California State Controller John Chiang may be preaching fiscal restraint in the face of the state’s budget crisis, but he’s practicing something else, according to one Republican legislator.
State Sen. Abel Maldonado has accused Mr. Chiang of spending $2 million on furniture for his “plush” office in the past seven months even as the state controller was issuing IOUs instead of checks for the state’s unpaid bills.
“How can the controller justify this action? People are hurting in this state,” said Mr. Maldonado in a statement issued Tuesday. “The legislature is trying to fix a $42 billion deficit, which, the controller reminds us, grows larger every day. And yet the controller, who is responsible for our money, feels it is acceptable to take more unnecessary funding for his own office.”
Mr. Maldonado, a Republican who represents parts of the Central Valley and Santa Cruz County, added that he “can’t even express my disgust with this behavior.”
Mr. Chiang fired back with a statement calling Mr. Maldonado’s accusations “pathetic” and defending his office’s expenditure.
The furniture was purchased as part of an office expansion project that was approved by the state legislature before Mr. Chiang took office in January 2007, he said. The expansion included bringing the office into compliance with workplace safety and disability laws.
Mr. Chiang said he has since cut about $4 million from the project’s original $7 million price tag.
“We would urge the senator to check his math, stop grandstanding and get back to work on negotiating a solution to the state’s $42 billion budget gap, and the lack of money to fund programs Californians depend on their legislators to provide,” Mr. Chiang said.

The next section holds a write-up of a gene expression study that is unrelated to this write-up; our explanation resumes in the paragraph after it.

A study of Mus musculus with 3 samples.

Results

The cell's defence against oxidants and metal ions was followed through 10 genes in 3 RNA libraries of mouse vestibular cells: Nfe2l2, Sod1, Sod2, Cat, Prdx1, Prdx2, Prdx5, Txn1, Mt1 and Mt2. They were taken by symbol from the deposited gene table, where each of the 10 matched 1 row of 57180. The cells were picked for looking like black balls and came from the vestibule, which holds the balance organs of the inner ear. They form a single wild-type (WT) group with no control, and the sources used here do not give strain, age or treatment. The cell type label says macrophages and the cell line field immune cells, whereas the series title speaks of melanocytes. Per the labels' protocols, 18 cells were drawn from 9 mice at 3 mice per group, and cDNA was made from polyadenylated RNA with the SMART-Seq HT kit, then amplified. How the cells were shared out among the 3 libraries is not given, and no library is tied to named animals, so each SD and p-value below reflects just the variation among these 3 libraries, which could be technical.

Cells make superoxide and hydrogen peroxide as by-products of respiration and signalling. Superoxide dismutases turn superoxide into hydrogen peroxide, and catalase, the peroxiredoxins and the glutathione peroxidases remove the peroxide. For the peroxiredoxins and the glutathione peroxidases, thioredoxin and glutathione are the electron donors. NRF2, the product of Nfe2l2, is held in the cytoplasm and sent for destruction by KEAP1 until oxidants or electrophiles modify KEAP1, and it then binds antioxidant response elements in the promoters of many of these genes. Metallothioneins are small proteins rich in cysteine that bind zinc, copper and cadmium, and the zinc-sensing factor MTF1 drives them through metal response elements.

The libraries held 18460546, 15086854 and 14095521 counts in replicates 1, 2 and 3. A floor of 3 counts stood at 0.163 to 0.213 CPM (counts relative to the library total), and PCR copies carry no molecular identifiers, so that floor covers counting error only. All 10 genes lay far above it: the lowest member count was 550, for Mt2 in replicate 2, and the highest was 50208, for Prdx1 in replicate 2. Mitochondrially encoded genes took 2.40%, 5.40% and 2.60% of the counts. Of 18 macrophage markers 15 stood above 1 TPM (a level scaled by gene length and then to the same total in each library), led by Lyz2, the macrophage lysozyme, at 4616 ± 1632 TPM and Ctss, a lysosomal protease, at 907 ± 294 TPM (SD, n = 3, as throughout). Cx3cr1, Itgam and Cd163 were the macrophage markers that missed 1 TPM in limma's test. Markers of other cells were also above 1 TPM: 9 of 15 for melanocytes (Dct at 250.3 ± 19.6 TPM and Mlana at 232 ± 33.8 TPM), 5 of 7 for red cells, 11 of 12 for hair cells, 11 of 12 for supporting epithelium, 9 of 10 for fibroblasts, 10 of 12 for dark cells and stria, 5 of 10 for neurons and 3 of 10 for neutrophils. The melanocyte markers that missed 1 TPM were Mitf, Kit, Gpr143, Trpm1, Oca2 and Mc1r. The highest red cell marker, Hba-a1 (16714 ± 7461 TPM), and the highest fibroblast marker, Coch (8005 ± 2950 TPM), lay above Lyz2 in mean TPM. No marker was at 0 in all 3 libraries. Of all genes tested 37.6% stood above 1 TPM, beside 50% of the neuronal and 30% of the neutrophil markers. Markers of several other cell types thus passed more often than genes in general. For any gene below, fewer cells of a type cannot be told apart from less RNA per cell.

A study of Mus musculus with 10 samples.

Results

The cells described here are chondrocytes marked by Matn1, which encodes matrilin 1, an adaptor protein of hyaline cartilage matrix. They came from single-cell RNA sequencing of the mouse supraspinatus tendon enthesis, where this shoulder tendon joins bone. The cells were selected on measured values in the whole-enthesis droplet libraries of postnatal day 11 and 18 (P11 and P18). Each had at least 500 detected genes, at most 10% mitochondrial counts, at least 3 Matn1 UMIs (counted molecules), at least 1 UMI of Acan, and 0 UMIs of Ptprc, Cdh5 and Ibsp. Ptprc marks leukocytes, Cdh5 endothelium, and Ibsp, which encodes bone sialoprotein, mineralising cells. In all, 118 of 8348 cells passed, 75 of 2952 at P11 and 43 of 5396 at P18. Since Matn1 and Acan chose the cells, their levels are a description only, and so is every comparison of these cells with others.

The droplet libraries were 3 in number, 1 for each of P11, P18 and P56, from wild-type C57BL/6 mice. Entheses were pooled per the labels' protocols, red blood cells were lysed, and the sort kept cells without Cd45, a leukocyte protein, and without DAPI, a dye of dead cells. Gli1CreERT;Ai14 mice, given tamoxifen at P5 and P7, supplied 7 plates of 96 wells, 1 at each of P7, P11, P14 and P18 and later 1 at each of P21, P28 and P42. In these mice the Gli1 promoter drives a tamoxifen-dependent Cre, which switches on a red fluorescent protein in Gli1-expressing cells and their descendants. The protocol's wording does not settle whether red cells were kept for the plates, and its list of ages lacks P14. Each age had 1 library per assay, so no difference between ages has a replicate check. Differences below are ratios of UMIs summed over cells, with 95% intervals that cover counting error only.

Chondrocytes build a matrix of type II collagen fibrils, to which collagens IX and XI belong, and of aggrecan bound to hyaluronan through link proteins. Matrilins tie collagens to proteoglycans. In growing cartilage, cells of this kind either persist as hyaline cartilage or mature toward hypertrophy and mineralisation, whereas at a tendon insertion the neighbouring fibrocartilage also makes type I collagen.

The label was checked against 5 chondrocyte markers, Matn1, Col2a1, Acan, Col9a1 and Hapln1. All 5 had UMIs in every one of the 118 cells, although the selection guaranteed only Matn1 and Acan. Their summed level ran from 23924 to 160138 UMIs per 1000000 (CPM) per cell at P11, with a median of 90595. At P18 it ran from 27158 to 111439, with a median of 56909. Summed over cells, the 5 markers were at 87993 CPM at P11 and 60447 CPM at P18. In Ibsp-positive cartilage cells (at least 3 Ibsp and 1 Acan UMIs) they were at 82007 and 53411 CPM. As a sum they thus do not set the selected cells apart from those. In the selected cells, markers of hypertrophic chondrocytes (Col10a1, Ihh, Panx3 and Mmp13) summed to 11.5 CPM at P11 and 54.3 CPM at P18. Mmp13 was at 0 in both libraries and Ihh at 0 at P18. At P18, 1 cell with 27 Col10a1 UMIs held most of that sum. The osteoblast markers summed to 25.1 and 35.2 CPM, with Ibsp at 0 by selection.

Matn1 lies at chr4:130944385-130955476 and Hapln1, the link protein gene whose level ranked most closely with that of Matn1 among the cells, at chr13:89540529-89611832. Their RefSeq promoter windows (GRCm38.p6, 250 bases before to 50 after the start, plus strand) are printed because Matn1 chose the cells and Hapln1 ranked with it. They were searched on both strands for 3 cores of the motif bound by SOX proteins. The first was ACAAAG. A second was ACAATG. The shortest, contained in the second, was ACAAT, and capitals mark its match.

The heated exchange came as state officials continue to wrestle with the state’s seemingly insurmountable budget impasse. State leaders had vowed to have a budget in place by Feb. 1, only to see that deadline go by the wayside as legislators battled over the balance between spending cuts and taxes.
Standard and Poor’s on Wednesday downgraded California’s bond rating from A+ to A, handing the state the lowest such rating in the nation. Most states are ranked at AAA or AA.
“Our rating recognizes our view of the lack of political progress around the budget negotiations that we believe is serving to exacerbate the state’s current and projected cash position,” Standard & Poor’s said in its report.
The state legislature needs a two-thirds majority to pass a budget, but Democrats want to include tax increases while Republicans have dug in against any such hike. Negotiations continued Wednesday in Sacramento, Calif., as Republicans offered the possibility of bowing on taxes in exchange for loosening labor and environmental regulations on businesses.
Meanwhile, state officials are taking drastic steps to cope with the shortfall. Mr. Chiang announced Monday that the state would withhold $3.5 billion in state tax refunds for 30 days, while Gov. Arnold Schwarzenegger wants to require state workers to take two-day unpaid furloughs every month in order to save money.
In such a climate, Mr. Maldonado said, the controller should look hard at whether the furniture expenditure is warranted.
“Here is an elected official who is in the press ever talking about cutting services, stopping checks to welfare recipients and issuing IOUs to hardworking Californians,” Mr. Maldonado said. “But at the exact same time, he is requesting new office furniture. This disgusting and disingenuous behavior has to end.”
Mr. Maldonado also noted that Mr. Chiang accepted a 2.75 percent pay raise in 2007.
The state senator, a well-known penny pincher, has never taken a pay raise in his 10 years in the state legislature. He has introduced two constitutional amendments that would prevent legislators from taking per diems, which pay for their expenses in Sacramento, during a budget stalemate and would prevent them from accepting pay raises when the state is running a deficit.